Authentic cuisine and quality service are the mainstays of Mario Chiametti’s Millioncino, which has been a west end favourite for more than a decade. Emily Morgan reports.
WHEN Mario Chiametti established Millioncino on Murray Street in 1999, there was little ‘entertainment’ in the area other than a late-night cafe and a pub.
Twelve years on, the face of the west end of the city has changed, but the Italian eatery with its hardwood interior and soft furnishings remains, having firmly established its reputation among its surrounding corporate clientele.
Originally Mr Chiametti didn’t want to work nights and aimed to set up a quality cafe instead. But when he learned the area’s clientele was largely business folk, and there were no restaurants to provide competition, he set up shop as the (then) newest face to fine dining.
“I realised it was missing in the city, at the time there was è cucina and I thought, maybe there is a market,” Mr Chiametti told Gusto.
The first few years were challenging, with little foot traffic and few people on Murray Street after hours, but that changed when the Woodside Plaza opened in 2004, bringing a large corporate client base to the west end of town, just around the corner from Millioncino.
“The restaurant has been designed to cater for this sort of clientele, business people. They come here, they can have a good and quick lunch, but they can still talk about their business. The service is attentive and quick ... we know they have to be back in their office,” Mr Chiametti says.
Located next to a serviced apartment complex, the restaurant also has a licence to provide room service – a handy inflow of business for Millioncino.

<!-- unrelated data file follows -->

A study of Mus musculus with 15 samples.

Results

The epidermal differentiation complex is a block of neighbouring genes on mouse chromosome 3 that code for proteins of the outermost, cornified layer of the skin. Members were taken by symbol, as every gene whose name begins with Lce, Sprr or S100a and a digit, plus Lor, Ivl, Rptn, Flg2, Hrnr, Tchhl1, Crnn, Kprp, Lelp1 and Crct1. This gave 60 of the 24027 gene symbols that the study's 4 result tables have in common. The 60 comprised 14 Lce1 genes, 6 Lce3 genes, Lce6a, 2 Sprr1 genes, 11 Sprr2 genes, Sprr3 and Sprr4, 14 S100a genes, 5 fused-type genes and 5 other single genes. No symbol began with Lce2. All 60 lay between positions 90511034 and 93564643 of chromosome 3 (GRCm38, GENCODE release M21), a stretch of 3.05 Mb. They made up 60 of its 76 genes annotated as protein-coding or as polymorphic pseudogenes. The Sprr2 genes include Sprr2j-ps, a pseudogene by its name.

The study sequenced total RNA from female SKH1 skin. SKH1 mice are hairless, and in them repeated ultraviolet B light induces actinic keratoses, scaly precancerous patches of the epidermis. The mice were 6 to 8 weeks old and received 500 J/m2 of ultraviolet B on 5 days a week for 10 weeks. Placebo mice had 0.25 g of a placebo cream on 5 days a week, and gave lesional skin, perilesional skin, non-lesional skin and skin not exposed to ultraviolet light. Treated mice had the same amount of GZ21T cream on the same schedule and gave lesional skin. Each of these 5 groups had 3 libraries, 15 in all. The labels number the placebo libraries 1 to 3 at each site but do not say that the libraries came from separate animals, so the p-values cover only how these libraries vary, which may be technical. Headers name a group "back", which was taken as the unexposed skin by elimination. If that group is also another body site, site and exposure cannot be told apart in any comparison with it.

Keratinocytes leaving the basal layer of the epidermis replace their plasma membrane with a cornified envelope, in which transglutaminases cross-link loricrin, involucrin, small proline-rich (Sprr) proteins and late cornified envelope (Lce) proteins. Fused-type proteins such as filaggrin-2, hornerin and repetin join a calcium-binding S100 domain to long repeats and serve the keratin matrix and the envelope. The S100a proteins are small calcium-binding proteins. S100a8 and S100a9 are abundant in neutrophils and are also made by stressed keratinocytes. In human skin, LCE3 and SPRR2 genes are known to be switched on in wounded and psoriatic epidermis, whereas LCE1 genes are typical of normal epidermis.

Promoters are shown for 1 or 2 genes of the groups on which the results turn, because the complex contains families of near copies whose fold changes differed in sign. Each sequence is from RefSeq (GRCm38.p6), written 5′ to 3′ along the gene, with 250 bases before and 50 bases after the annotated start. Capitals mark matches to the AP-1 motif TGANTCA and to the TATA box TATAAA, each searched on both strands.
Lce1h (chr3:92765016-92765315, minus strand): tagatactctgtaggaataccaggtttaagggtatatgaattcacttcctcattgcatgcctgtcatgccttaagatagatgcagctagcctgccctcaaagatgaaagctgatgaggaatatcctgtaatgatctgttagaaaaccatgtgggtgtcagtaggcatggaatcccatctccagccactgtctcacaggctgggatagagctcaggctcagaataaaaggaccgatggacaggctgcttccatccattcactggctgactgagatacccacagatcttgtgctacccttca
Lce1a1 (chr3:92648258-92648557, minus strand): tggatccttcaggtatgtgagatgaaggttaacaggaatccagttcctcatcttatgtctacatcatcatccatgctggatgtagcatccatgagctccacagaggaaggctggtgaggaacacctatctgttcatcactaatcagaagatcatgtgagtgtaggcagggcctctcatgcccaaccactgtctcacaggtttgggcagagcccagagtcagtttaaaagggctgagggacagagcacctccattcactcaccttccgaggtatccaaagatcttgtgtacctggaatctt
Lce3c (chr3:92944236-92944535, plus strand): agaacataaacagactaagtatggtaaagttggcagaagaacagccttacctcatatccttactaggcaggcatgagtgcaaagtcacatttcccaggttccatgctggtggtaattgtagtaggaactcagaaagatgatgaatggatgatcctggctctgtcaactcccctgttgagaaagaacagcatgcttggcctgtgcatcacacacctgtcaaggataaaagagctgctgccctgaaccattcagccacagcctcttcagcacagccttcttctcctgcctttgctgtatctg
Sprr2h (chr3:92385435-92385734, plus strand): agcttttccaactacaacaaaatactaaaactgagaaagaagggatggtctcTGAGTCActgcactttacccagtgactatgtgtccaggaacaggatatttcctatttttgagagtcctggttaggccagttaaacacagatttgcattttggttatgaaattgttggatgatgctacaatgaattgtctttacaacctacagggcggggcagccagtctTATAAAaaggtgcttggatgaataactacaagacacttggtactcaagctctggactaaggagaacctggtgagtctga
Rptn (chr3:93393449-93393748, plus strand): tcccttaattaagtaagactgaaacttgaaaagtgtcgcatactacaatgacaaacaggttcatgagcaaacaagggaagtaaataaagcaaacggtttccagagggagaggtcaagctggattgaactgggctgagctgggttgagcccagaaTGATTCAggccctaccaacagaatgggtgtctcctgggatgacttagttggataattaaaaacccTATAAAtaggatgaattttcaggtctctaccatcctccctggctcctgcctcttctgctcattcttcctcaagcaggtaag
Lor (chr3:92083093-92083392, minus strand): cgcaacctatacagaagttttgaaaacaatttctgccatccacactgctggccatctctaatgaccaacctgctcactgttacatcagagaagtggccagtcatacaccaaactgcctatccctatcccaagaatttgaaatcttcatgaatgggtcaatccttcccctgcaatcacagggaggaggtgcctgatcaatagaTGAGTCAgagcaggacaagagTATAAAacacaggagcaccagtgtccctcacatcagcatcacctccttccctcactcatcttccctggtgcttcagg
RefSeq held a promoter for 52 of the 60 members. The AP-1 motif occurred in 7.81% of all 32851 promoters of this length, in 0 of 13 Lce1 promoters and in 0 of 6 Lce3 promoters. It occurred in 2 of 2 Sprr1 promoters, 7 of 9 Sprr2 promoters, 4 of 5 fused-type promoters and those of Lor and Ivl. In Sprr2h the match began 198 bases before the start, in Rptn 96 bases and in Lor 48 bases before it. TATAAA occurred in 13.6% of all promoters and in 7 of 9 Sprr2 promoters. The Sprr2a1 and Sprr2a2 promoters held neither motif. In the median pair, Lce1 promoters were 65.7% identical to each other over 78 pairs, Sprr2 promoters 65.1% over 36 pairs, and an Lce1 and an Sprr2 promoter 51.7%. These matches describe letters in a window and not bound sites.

It is a traditional Italian restaurant and is, naturally, all about the food – you won’t see any soggy Australianised spag bol coming out of the kitchen. Mr Chiametti is passionate about bringing authentic Italian tastes to his restaurant and draws on his northern Italian upbringing for inspiration.
“That is part of what contributes to our business, because I never give in, I say, that (traditional) is what I do, and that is what I sell. I don’t want to take any shortcuts,” he says.
“Food is all about memories. Many times you say ‘it tastes like my grandma’s stew or the way my mother does it’, so you enjoy food when it is able to take you back in time and reminds you of something.
“For me when I think of polenta, the taste it comes from my mother, that is the taste polenta should have, or the ravioli my mother is making, the tomato sauce, it is all about good memories.”
Twelve years on, the face of Murray Street has changed and Millioncino is waiting for the additional flow of customers that will come when Raine Square and Perth Arena are finally finished.
But Mr Chiametti says the changes to the city have not been all good.
“In the last two years I have noticed a big increase in bars, or restaurants that act like a bar. I think this is bringing down a little bit the quality of the area. You start to notice things you didn’t notice years ago,” he says.
“When you start to notice the changes in clientele and behaviour of people in the street because of the regulators you start to be concerned. I did work for 12 years to create something. It affects my business in a negative way.”
Mr Chiametti says the area’s clientele demographic is changing and he is working around the changing face of the street at night, but won’t submit to changing his formula.
“I don’t want to become another bar, I don’t want to become another pub, so I will continue to do what I do and I hope the people they will just understand,” says Mr Chiametti, who puts Millioncino’s success down to some crucial elements.
“Because I believe in the area and honestly believe in what I am doing, the standard and quality, that is what makes the place successful. It is persistent in keeping up the quality, never give up,” he says.
Mr Chiametti shares the staffing frustrations felt by many in Perth’s hospitality industry.
He says the lack of training for front-of-house staff and waiters is creating a problem for the industry and has forced him to seek out experienced international staff and bring them into Australia on a sponsored visa.
“You need to have the right people who understand, who follow you and share your passion,” Mr Chiametti says.
“You can make a fantastic dish but if you don’t have anybody to bring it out, talk to the people and serve them properly, that is a problem; the two things they go together.”